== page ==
Are we in control of our ingredients?
News & blog » Control your ingredients
This week we have seen a landmark trial, where a restaurant owner was jailed for manslaughter in relation to the death of a customer with a severe peanut allergy.
Without looking at the specifics of this case, it has perhaps posed a few questions. Most critically, whether as the owner of a hospitality business we are in control of our ingredients?
The first thought for this blog is whether we are always targeting the performance of our team with the right measures. For example, if we target or reward our team on cost savings or margins, then is there a risk that such a substitution of ingredients could take place? In such circumstances, are the team then more driven on the cost of an ingredient rather than the content or quality?
With so many other factors in the business to manage, there are many business owners that delegate the ordering of supplies. However, if this is a potential risk in your business, are you really close enough to monitor any impact? Perhaps more to the point, should you consider where do you need to be so involved in the detail, because remember you can’t always delegate full accountability.
This then leads into the systemised processes in your business that ensure that the consistency, quality and margins are delivered. For example, does your team strictly follow a recipe for each dish?
Firstly, this can make a huge difference on your financial performance, by simply managing portion sizes. I recall an example where a customer was using more potatoes than they were appearing to sell. On exploration, there was no guidance on portion size, so a larger portion of mashed potato or more new potatoes were being served than planned in the pricing of such dishes.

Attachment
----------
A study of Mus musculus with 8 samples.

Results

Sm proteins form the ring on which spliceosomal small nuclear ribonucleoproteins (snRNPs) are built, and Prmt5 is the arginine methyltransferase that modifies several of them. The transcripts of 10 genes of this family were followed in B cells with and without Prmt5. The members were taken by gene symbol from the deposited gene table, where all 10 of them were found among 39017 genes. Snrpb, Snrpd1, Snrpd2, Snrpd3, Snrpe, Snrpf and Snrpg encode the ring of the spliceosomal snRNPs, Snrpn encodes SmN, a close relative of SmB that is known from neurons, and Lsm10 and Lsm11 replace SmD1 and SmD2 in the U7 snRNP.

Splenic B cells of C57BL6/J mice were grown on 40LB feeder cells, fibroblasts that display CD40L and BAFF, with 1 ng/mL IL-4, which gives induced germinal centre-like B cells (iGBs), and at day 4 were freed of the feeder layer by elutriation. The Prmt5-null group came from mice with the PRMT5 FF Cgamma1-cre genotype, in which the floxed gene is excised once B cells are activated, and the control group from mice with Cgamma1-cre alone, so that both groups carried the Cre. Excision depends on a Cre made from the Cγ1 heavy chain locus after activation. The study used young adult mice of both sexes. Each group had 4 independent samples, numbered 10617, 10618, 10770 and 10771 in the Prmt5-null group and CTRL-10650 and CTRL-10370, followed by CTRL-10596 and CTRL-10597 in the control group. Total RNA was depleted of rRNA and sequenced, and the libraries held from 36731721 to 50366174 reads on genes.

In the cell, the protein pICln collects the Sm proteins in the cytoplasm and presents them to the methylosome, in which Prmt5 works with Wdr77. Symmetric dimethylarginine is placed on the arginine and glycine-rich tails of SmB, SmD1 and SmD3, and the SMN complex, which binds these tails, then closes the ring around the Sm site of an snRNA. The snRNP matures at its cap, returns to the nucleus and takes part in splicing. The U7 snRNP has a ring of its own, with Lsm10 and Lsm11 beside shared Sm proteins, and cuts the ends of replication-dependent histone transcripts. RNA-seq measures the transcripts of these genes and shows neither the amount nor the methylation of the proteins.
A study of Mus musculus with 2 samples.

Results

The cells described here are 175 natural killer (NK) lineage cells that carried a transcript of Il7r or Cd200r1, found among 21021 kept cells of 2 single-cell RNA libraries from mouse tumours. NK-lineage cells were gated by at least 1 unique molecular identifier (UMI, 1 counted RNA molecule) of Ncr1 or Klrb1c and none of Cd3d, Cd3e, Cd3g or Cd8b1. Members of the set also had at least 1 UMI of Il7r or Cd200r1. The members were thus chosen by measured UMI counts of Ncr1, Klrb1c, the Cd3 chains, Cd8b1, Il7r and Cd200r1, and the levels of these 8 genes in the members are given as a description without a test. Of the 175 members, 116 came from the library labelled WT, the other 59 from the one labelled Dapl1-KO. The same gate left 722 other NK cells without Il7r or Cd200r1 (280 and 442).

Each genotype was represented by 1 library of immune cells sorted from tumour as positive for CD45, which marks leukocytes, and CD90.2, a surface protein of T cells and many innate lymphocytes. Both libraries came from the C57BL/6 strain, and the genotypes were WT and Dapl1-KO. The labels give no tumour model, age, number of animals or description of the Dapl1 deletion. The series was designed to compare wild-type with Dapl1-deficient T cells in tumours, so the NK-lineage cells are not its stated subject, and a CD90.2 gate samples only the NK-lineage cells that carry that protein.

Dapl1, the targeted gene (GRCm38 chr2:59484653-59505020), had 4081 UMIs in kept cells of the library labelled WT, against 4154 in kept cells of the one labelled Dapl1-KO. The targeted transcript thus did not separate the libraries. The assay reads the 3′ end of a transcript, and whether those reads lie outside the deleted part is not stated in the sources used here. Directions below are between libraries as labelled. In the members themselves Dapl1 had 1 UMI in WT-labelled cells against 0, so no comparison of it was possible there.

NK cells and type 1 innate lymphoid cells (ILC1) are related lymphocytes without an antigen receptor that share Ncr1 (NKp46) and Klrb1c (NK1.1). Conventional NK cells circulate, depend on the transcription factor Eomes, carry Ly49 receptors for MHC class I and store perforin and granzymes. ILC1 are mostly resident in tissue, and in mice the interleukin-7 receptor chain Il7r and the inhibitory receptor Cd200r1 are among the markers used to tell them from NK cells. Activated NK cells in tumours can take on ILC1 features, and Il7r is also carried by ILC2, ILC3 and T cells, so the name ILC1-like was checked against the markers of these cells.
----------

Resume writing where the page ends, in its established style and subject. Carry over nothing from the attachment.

As the owners we have ultimate responsibility for the business, but of course cannot be involved in every micro step or process. So systemised processes can also help you manage the people in your business, by measuring how effectively they can follow a system that works. It would also ensure you have some control over your ingredients per dish, as it is then clear what should, or more importantly should not, be included when prepared.
From an allergy control perspective does your systemised process include the detail of the exact ingredients to use, how ingredients are labelled and stored, the equipment to use, the instruction to not cross contaminate knifes or boards and how the order is communicated to the chef for preparation.
One last thought is around training and leadership. What training do you provide as part of the induction process or as part of any ongoing ‘on the job’ training? Are your values, standards and expectations also clearly communicated as part of this training? Do you include the ‘why we do it’ as much as the ‘how we do it’?
In terms of leadership, does the owner of the business or senior management lead by example in such circumstances? If the owner or seniors do not demonstrate such attention to detail, then the rest of the team are likely to follow and not apply such attention to detail that is obviously required.